John Rhodes was walking toward the ocean. He was in Cocoa Beach for his senior trip, with graduation coming up in a few days, and then he was moving to Lexington to start summer school and get acquainted with campus before starting his freshman year with the Kentucky Wildcats.
Then he got a call from his recruiting coordinator, and his plans were scrapped.
"I was walking to the beach and he called me and was like 'Hey, news for the summer. You're going to New York,'" Rhodes said. "I was supposed to leave in like early or mid-June for Kentucky…and then he told me I was going to leave for New York that next week. That was May 23, I graduated on May 25, and I left for New York on May 31."
Instead of the traditional summer school route, Rhodes has spent his summer playing for the Oneonta Outlaws in the Perfect Game Collegiate Baseball League.
Trae Harmon did the summer school thing last year in Lexington. He's up in Elmira this summer playing for the Pioneers with a year of college ball for the Wildcats under his belt.
He knew he was playing in New York this summer all the way back in January or February, he said. He had time to prepare for it.
Rhodes is from Soddy Daisy, Tennessee. He said he's never been north of Washington D.C. He also said he was anxious about the experience of living with a host family all summer, because it was the first transition into living on his own in Lexington. But that plan got scrapped, too.
"This is my first extended time away from home. I actually don't have a host family," Rhodes said. "I got dropped off and they were like 'Okay, here's your apartment.' And I was just thinking 'Oh my gosh, alright here we go.' So I've learned how to cook, do my laundry, I've been cleaning the dishes. So really, I've had as much growth just as a person this summer as I have as a baseball player."
He describes that as a funny story now.
It wasn't funny that first week though, when he didn't know how to cook, didn't know how to manage his time, and had yet to figure out the pitching he was facing.
Slumps aren't fun. Slumping when you're 900 miles from anything familiar to you, while you're in the middle of figuring life out, makes it less fun.
"The first week took forever. I was thinking it was going to be a long summer," Rhodes said. "I wasn't playing too well, the days felt brutal, my body was breaking down. But after the second or third week, I kind of came into my own, baseball-wise. I figured out a good schedule. So once I got that down, it was just baseball. I slowed the game down, slowed life down. Balanced everything."
He's figured it out at this point. Rhodes is hitting .291, one of the better averages on the team. He leads the Outlaws with 30 hits, three home runs, and 16 RBI.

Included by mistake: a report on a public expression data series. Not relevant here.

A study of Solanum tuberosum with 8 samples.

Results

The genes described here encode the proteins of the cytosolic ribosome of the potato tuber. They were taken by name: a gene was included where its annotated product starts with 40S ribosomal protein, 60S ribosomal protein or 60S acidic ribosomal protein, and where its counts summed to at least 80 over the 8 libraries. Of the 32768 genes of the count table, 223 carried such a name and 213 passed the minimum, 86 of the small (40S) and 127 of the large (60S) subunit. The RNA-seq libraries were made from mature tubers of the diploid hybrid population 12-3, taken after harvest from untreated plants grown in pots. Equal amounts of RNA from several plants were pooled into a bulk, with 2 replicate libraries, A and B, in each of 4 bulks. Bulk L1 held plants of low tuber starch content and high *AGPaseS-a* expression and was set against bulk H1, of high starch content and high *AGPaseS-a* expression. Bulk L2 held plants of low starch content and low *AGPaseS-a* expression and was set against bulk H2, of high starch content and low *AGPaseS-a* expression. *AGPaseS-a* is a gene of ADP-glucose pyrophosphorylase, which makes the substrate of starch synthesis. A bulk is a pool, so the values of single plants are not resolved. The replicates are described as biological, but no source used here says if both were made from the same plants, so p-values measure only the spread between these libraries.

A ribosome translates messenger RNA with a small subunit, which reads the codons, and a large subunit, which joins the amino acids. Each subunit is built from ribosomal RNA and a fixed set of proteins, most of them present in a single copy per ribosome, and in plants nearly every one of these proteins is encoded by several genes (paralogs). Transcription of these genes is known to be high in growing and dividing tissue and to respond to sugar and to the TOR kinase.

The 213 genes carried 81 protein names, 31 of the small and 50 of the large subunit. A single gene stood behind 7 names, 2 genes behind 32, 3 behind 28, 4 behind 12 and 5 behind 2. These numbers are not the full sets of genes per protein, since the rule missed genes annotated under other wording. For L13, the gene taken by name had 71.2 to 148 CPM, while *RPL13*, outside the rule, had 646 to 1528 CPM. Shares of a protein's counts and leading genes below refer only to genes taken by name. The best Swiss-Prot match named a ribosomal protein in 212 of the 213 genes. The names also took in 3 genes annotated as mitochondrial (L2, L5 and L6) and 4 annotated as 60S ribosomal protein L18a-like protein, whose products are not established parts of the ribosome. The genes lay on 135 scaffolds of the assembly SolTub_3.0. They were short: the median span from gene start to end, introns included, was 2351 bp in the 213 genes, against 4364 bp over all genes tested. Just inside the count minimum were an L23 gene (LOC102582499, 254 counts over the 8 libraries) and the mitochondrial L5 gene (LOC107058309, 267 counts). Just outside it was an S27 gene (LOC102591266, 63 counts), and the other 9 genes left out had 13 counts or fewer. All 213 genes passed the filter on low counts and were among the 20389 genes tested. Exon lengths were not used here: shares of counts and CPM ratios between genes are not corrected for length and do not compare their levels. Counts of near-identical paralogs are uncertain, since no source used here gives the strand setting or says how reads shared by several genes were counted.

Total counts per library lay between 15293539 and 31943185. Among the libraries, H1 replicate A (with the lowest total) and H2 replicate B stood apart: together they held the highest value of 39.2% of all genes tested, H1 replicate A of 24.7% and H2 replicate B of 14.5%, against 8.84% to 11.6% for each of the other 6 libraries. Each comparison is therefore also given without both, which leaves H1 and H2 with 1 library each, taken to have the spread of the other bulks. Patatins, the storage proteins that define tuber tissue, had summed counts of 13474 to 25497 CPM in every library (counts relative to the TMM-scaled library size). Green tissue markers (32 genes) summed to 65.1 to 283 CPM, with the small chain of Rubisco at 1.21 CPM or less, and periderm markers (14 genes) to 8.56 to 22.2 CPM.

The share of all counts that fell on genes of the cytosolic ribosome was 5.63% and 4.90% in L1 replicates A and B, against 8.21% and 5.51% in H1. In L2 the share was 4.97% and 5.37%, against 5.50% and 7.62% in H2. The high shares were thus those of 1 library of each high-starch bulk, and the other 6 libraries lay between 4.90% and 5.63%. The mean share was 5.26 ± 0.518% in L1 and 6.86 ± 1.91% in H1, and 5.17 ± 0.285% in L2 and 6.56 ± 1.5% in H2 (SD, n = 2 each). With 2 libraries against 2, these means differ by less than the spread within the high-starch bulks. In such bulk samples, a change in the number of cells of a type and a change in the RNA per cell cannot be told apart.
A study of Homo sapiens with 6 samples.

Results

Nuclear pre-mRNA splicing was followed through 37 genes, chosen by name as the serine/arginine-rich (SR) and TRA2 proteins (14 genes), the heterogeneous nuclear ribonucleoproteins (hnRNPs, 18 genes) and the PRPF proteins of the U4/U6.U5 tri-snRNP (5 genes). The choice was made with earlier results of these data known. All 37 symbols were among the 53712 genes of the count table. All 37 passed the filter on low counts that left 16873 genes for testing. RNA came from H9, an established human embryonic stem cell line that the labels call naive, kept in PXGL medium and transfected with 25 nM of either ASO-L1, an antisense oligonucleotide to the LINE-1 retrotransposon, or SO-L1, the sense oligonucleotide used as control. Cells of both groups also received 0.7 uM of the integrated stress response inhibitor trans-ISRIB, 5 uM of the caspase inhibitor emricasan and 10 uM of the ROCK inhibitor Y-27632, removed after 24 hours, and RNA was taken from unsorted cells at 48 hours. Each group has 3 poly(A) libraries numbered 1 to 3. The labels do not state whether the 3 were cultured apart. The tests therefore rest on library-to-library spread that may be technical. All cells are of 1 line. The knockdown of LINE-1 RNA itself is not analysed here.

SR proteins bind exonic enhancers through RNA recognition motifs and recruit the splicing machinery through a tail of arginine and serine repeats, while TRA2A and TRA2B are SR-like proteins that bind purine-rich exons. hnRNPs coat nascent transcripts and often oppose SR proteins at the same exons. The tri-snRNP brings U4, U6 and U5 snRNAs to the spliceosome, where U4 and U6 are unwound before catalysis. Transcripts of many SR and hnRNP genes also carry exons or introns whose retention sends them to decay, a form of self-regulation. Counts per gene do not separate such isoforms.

After that rough start to the summer, Rhodes was selected as a reserve for the PGCBL All-Star Game in Saugerties.
That's where he had a front row seat to watch Harmon, a teammate of his in just a few short weeks once they both get to Lexington, rake in the home run derby.
There were 12 guys in the derby. A three-minute round and a top-four finish moved you on to the semifinals, where you got three more minutes to make it to the final. The final was another three minutes.
Sounds exhausting, right?
"It was a marathon swinging that much…I was dripping sweat," Harmon said. "[The announcer] came up to me with a microphone and tried to talk to me after my round and I was like 'I can't talk right now.' I was legitimately out of breathe."
You never would have known from the amount of long balls Harmon hit. When his night was over, his tally was at 30. He hit 11 in the final, while the other finalist only hit four.
It sure looked like a breeze to Rhodes.
"Even in his last round, he was hitting balls 30 or 50 feet over the fence," Rhodes said. "They weren't wall-scrapers. They were mashed. I was like 'Oh my gosh.' I wish I had that kind of pop."
Rhodes and Harmon met earlier this summer when Oneonta and Elmira matched up for the first time. Soon, they'll be in the same lineup for the Wildcats. Rhodes said they got along really well right away, and that's why it was so cool to see Harmon win the home run derby crown.
"[Harmon's] a great guy. He has stupid pop," Rhodes said. "He has so much raw power. He was hitting balls during the derby that were clearing the fence by like 100 feet. But he's just an awesome guy. I can't wait to play with him next year. He's the kind of guy you want in the locker room."
Harmon felt the same way when he watched Rhodes win the All-Star Game MVP later that night.
Rhodes was supposed to be a reserve for the game. He found out he was starting about five minutes before first pitch, when he took a peek at the lineup card. All he did was go 3-for-4 with an RBI and two runs scored in a game that ended in a tie.
"It was definitely cool to see John win the MVP of the All-Star Game," Harmon said. "The Kentucky guys are taking home all of the hardware."